Episode 2520

Francis Scott Key Bridge (Baltimore)
Wed, 2024-Mar-27 06:13 UTC
Length - 3:04


With 1,446,189 views on Tuesday, 26 March 2024 our article of the day is Francis Scott Key Bridge (Baltimore).

The Francis Scott Key Bridge was a steel arch continuous through truss bridge spanning the lower Patapsco River and outer Baltimore Harbor / Port carrying Maryland Route 695 (the Baltimore Beltway) between Hawkins Point, a neighborhood of Baltimore, and Dundalk in Maryland, United States. The main spans of the bridge were destroyed on March 26, 2024, when a container ship, the MV Dali, crashed into one of its support pillars. The crossing between Baltimore City and Baltimore County also passed through a small portion of Anne Arundel County. It was first known as the Outer Harbor Crossing until 1976, when it was renamed while still under construction. It has also been known as Key Bridge or Beltway Bridge. The main span of 1,200 feet (366 m) was the third longest span of any continuous truss in the world, and the total length was 8,636 feet (2,632 m) long. It was the second-longest bridge in the Baltimore metropolitan area, after the Chesapeake Bay Bridge.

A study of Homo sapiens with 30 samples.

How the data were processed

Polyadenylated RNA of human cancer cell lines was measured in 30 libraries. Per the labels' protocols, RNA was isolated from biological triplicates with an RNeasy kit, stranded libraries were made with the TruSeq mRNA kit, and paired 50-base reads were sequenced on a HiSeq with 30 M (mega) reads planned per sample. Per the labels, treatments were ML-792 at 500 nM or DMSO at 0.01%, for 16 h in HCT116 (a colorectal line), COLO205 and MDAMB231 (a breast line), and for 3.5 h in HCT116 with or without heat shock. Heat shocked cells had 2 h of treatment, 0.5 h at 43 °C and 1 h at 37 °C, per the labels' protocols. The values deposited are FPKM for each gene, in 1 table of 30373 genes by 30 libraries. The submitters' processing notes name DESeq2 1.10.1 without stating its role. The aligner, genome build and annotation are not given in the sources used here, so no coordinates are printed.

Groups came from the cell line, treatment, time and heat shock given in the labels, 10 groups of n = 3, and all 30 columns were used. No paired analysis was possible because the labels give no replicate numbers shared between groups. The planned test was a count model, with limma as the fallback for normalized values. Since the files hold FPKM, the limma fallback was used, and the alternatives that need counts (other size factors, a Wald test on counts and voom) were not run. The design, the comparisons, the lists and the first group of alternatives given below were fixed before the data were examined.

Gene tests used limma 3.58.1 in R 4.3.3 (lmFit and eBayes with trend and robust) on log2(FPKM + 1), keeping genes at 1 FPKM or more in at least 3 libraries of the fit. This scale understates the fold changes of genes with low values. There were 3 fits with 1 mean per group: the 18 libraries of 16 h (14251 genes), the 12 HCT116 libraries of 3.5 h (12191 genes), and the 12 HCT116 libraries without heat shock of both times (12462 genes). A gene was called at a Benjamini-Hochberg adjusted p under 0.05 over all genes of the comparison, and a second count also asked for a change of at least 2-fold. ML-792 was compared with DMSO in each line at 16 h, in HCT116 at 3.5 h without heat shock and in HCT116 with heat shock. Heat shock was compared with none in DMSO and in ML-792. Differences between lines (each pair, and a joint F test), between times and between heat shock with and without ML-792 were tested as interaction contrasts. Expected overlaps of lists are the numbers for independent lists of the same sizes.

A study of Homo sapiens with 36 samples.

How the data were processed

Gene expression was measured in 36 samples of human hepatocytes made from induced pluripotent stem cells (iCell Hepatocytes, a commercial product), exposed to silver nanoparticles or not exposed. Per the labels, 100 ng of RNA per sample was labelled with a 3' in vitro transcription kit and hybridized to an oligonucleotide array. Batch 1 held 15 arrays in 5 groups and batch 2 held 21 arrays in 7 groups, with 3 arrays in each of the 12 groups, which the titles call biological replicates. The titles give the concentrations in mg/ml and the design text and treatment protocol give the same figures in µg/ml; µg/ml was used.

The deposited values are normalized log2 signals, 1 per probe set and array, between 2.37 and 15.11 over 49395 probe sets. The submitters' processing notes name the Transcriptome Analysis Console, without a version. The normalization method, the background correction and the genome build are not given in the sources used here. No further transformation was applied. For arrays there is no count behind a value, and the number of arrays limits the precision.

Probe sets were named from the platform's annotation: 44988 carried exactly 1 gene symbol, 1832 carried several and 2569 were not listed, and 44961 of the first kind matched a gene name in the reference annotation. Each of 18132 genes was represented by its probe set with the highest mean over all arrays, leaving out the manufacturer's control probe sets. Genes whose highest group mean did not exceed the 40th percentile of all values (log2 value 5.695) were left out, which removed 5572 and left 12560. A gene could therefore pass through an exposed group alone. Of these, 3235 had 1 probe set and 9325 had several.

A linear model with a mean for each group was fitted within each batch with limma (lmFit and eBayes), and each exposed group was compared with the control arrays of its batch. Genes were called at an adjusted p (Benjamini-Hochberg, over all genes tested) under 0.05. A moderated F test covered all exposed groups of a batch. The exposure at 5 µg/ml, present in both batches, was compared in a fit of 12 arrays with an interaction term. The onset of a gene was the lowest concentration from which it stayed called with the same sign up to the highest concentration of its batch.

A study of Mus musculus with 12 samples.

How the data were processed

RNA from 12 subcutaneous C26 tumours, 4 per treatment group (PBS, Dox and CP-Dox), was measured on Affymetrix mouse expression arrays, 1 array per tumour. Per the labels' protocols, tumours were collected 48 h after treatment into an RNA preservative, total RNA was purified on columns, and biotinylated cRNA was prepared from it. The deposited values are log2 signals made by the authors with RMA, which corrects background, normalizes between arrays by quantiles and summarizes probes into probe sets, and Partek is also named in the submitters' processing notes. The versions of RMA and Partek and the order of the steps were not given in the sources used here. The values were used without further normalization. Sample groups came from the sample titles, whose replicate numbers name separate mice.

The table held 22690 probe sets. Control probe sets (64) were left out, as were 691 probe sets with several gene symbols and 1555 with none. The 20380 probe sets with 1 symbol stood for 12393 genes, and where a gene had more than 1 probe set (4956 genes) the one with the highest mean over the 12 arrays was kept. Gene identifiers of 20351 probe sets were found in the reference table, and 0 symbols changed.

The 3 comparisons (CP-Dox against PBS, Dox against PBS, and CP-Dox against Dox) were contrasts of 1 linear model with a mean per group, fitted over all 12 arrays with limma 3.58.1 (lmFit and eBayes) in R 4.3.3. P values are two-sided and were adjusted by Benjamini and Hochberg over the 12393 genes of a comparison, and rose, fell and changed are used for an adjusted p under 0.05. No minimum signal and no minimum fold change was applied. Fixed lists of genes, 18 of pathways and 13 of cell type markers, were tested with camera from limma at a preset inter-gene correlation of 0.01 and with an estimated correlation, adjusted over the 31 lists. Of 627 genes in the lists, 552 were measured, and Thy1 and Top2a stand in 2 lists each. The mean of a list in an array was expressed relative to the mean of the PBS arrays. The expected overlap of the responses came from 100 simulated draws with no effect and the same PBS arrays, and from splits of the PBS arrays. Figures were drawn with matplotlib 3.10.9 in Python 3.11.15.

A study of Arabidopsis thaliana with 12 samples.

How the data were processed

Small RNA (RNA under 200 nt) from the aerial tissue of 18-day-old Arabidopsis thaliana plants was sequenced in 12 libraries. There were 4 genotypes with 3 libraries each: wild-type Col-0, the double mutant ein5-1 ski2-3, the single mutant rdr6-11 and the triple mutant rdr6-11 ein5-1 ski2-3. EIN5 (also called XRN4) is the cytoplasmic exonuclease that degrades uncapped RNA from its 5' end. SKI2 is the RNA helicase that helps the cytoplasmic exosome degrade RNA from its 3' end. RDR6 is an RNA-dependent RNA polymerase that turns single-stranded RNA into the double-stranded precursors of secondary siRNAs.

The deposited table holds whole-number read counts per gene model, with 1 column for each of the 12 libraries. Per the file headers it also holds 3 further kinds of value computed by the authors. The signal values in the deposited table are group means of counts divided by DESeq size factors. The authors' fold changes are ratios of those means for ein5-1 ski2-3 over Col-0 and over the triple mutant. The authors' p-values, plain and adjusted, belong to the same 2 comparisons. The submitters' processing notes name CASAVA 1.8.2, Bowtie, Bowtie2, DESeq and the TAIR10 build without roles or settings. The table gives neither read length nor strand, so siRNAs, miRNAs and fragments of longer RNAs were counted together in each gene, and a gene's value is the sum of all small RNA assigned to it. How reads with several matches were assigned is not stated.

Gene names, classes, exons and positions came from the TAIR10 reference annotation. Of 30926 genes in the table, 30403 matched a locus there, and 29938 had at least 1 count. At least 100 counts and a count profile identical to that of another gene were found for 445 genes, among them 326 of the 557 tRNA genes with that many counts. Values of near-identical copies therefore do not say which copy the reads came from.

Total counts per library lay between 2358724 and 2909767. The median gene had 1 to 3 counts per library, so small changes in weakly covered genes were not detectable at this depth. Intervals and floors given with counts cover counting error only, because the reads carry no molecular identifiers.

The bridge was opened on March 23, 1977, named for amateur poet Francis Scott Key (1779–1843), the author of the lyrics to the American national anthem, "The Star-Spangled Banner". The Key Bridge was a toll facility operated by the Maryland Transportation Authority (MDTA). The bridge was the outermost of three toll crossings of Baltimore's Harbor, two tunnels and one bridge.

The bridge carried an estimated 11.5 million vehicles annually. It was a designated hazardous materials truck route, as HAZMATs were prohibited in the Baltimore Harbor and Fort McHenry tunnels. Once completed, the bridge structure and its approaches became the final links in Interstate 695, the "Baltimore Beltway", completing a two-decade-long project. Despite being signed as part of I-695, the bridge was officially considered part of the state highway system and designated Maryland Route 695.

This recording reflects the Wikipedia text as of 06:13 UTC on Wednesday, 27 March 2024.

For the full current version of the article, see Francis Scott Key Bridge (Baltimore) on Wikipedia.